It looks as though the eurozone may be in decisive meltdown, which is just fine in my book. The sooner we get back to francs, lire, punts, drachmas and the rest of the old sovereign currencies, the better in the long run. It used to be as much a part of going to France as choking on Gauloises smoke to change money and be handed a bundle of notes featuring the devious Cardinal Richelieu, instead of the characterless but somehow always expensive euros.
The argument against the eurozone is that hard-faced Eurobankers—their killer instincts honed at Goldman Sachs, Wall Street’s School of the Americas—have the power to act as the bullyboys of international capital and impose austerity regimes from Dublin to Athens, scalping the poor to bail out the rich.
Now, the end of the eurozone does not mean the end of the European Union. They’re different. There are seventeen nations in the former, twenty-seven in the latter. Britain, for example, has never been in the eurozone, which is why the currency exchange in London will, in return for your worthless dollars, hand you bank notes with the Queen’s portrait on them.
At the moment the European Union has virtually no tax-collecting powers. Its annual haul is about 1 percent of the EU’s gross domestic product. By comparison, the US government collects about 20–24 percent of GDP.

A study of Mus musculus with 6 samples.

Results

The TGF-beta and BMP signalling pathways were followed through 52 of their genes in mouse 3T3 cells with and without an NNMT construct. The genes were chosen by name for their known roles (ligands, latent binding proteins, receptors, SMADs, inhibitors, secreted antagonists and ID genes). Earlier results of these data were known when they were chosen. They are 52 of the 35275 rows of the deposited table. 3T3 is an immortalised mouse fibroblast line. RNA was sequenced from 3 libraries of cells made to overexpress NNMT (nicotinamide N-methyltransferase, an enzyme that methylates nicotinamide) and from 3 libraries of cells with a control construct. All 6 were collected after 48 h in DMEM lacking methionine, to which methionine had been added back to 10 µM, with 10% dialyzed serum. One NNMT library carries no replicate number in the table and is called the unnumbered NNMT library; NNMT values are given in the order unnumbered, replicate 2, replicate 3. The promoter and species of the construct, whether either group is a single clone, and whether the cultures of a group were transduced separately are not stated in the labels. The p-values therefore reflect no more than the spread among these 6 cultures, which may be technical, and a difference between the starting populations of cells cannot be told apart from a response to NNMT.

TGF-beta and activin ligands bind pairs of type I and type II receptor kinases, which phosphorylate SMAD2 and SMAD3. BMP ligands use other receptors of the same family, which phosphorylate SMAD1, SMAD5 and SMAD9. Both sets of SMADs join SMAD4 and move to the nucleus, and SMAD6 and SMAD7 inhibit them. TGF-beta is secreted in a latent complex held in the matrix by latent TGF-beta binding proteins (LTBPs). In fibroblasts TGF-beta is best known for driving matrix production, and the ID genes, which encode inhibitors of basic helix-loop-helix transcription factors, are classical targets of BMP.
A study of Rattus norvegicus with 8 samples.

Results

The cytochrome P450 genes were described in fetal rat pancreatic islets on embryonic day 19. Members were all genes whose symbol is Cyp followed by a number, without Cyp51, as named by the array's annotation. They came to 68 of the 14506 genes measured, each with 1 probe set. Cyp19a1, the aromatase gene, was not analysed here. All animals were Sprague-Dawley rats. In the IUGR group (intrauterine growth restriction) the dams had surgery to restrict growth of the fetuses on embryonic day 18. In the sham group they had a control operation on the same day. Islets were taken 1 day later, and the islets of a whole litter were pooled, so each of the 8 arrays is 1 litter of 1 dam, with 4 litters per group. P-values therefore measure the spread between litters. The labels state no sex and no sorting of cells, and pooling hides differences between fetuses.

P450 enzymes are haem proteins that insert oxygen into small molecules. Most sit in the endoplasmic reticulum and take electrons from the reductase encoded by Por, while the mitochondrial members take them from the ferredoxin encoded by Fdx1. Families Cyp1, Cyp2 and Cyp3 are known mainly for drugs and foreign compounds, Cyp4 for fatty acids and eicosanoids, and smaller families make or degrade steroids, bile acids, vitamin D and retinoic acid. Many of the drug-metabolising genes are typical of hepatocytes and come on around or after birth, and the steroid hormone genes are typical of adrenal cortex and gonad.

Throughout the entire Eurocrisis there has been a basso profundo chorus from the Eurocrats that what’s needed is a lot more centralizing—in the words of Wolfgang Münchau in the November 27 Financial Times, “a fiscal union”: “This would involve a partial loss of national sovereignty, and the creation of a credible institutional framework to deal with fiscal policy, and hopefully wider economic policy issues as well.”
I’ve read many editorial paragraphs with this same bullying timbre—that what the whole European enterprise needs is an impregnable fortress of Eurocrats dispatching its disciplinary legions, first technocrats and then, if necessary, NATO’s shock troops to crush all resistance.
Two generations ago, when Britain shook with acrid debates about the pros and cons of joining the EU, a big chunk of the left was in favor of joining, the notion basically being that in terms of potential for socialist advance, EU membership would at least offer a shot at liberating the sceptered isle from the suffocating, reactionary constrictions of postimperial infarction. (Also, Gaullism—meaning in this case defiance of the United States—was translated into a hope that the EU would be a left counterbalance to the American Empire.) Here we are forty years on, with social democrats across Europe toiling even more diligently than their nominally more right-wing rivals to bail out the rich and grind down the poor at the behest of the bankers and panic-stricken bondholders.